YORK COUNTY, Va. (WAVY) — Local governments are changing rules for their beaches or closing them outright following Governor Northam’s Stay at Home order Monday to help prevent the spread of coronavirus in Virginia.
Despite continued federal and state guidelines on social distancing, which advise all Americans to stay at least 6 feet away from others and avoid gatherings of 10 or more people, beachgoers packed the sand across the area this past weekend.
Photos of places such as Chic’s Beach in Virginia Beach (above) show crowds tightly bunched on Sunday.
“Everyone who is gathering in a crowd at any place around the state is putting themselves and others at risk,” said Gov. Northam Monday.
On Sunday, ahead of the governor’s announcement, Norfolk City Councilman Tommy Smigiel warned that Norfolk beaches could be closed if people don’t follow distancing guidelines.
Monday’s stay at home order states that all Virginia beaches will be closed except for exercise and fishing.
“There are a lot of people who aren’t taking this seriously, particularly young folks. That’s what I’ve seen: young people on the beach. It’s the young people,” Smigiel said.
Smigiel supports the new “stay home” message from Northam.
“It’s not only about the governor, it’s about the people who are smarter, the medical people we are depending on for guidance who are saying this is what needs to be done. Then we all have to listen,” he said.
10 On Your Side asked Smigiel whether he supports Northam’s new order.
“I do support the governor. I do and it’s a good move. I am listening to what the experts say on this. We don’t want to turn out to be like New York or some of these other states. We don’t want overloaded hospitals,” he said.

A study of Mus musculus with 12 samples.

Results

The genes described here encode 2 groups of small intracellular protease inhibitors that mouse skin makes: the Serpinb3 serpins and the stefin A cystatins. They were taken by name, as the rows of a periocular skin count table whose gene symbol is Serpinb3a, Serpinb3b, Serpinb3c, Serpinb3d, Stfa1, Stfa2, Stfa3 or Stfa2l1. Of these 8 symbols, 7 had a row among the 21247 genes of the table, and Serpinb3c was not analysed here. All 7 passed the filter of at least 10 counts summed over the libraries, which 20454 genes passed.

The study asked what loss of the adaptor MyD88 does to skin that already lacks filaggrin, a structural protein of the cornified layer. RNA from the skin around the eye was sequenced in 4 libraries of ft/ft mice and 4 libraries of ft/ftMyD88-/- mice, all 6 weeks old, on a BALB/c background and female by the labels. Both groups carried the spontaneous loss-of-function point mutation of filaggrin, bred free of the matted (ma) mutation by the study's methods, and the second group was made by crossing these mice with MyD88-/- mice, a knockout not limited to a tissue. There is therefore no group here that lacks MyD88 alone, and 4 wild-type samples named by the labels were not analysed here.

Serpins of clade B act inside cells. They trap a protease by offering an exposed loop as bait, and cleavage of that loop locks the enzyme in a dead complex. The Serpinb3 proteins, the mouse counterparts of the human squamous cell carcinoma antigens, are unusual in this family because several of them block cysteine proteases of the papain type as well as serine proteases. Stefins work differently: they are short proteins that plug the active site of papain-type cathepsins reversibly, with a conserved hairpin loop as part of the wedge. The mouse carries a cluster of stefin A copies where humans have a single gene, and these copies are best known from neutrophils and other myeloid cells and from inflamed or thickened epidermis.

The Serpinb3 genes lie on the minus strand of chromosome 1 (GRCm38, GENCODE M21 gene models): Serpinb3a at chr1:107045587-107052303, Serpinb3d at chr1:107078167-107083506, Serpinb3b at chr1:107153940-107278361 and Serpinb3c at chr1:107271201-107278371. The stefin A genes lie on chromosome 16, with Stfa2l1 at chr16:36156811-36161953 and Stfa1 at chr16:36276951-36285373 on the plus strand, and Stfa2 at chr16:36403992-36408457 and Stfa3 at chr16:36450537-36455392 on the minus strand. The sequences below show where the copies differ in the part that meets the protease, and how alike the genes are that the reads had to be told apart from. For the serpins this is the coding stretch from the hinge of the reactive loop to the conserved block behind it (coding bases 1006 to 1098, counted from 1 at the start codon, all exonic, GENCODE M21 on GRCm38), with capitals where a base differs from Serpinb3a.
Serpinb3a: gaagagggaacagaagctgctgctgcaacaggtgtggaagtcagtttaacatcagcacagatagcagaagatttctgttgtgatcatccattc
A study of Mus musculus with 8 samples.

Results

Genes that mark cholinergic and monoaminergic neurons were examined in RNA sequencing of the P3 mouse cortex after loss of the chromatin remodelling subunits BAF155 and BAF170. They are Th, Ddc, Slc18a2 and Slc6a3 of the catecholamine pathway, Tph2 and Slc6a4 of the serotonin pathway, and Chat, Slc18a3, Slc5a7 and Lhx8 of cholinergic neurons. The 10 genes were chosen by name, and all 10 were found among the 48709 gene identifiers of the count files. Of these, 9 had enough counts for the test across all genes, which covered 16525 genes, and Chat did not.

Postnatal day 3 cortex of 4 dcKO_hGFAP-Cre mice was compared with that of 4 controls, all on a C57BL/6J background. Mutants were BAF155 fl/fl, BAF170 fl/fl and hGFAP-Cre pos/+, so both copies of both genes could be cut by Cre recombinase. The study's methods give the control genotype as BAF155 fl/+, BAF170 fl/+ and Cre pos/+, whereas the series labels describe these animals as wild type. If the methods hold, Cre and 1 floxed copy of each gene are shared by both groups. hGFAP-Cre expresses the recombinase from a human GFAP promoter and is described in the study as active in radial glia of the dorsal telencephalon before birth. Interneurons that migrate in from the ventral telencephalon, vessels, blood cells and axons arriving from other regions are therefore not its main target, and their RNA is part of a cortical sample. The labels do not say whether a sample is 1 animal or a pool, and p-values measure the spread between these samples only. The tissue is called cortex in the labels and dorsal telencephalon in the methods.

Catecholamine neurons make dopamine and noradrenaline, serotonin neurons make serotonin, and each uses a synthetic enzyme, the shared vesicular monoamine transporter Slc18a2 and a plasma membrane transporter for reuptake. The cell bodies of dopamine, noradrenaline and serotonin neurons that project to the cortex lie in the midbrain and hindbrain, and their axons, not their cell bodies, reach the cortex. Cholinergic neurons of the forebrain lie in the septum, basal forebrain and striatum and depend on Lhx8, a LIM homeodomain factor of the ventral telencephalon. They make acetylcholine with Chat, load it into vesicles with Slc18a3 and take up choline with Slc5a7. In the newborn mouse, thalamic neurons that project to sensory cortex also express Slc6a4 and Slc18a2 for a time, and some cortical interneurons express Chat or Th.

Up in Hampton, beaches are already closed except for walking.
Carly Trevathan is the guard out on the beach who is reminding people to keep moving. She found the Deleon family, which had dropped a blanket and settled down.
“We were told the beach is now closed, and we have to walk but not sit as a group. We are going to vacate and go home,” Larisa Deleon told WAVY News.
Trevathan said her main goal is to keep people from gathering.
“My orders are to keep people from sitting or swimming or hanging out on the beach. As of now they are allowed to come, walk, run, or bike for the time being, but they are not allowed to gather out on the beach,” she said.
A couple Hampton Roads localities had already made changes to beach access prior to Monday’s executive order, to help avoid future scenes like the one above.
York County had effectively closed Yorktown Beach to all activities “due to the level of beach activity experienced this past weekend.” It comes after an earlier ban on sunbathing and swimming at the beach issued Friday.
“My hope in limiting the beach to pedestrian-only activity last week was for citizens to enjoy the beauty of the beach area while maintaining their distance and reducing their chance of exposure,” said Neil Morgan, York County Administrator. “Unfortunately, in the interests of public health and safety, all beach activity is now prohibited. To be clear, the sand on both sides of the bridge is off limits.”
The Monday order means no one is allowed on the beach, National Park Service beaches or the grass at the beach’s picnic area. All public restrooms at the waterfront and Yorktown fishing pier are also closed. The Riverwalk Landing pathway is still open for now, but officials encourage users to spread out from others.
Hampton beaches were closed to sunbathing and swimming on Sunday afternoon. They remain open for walking only at this time.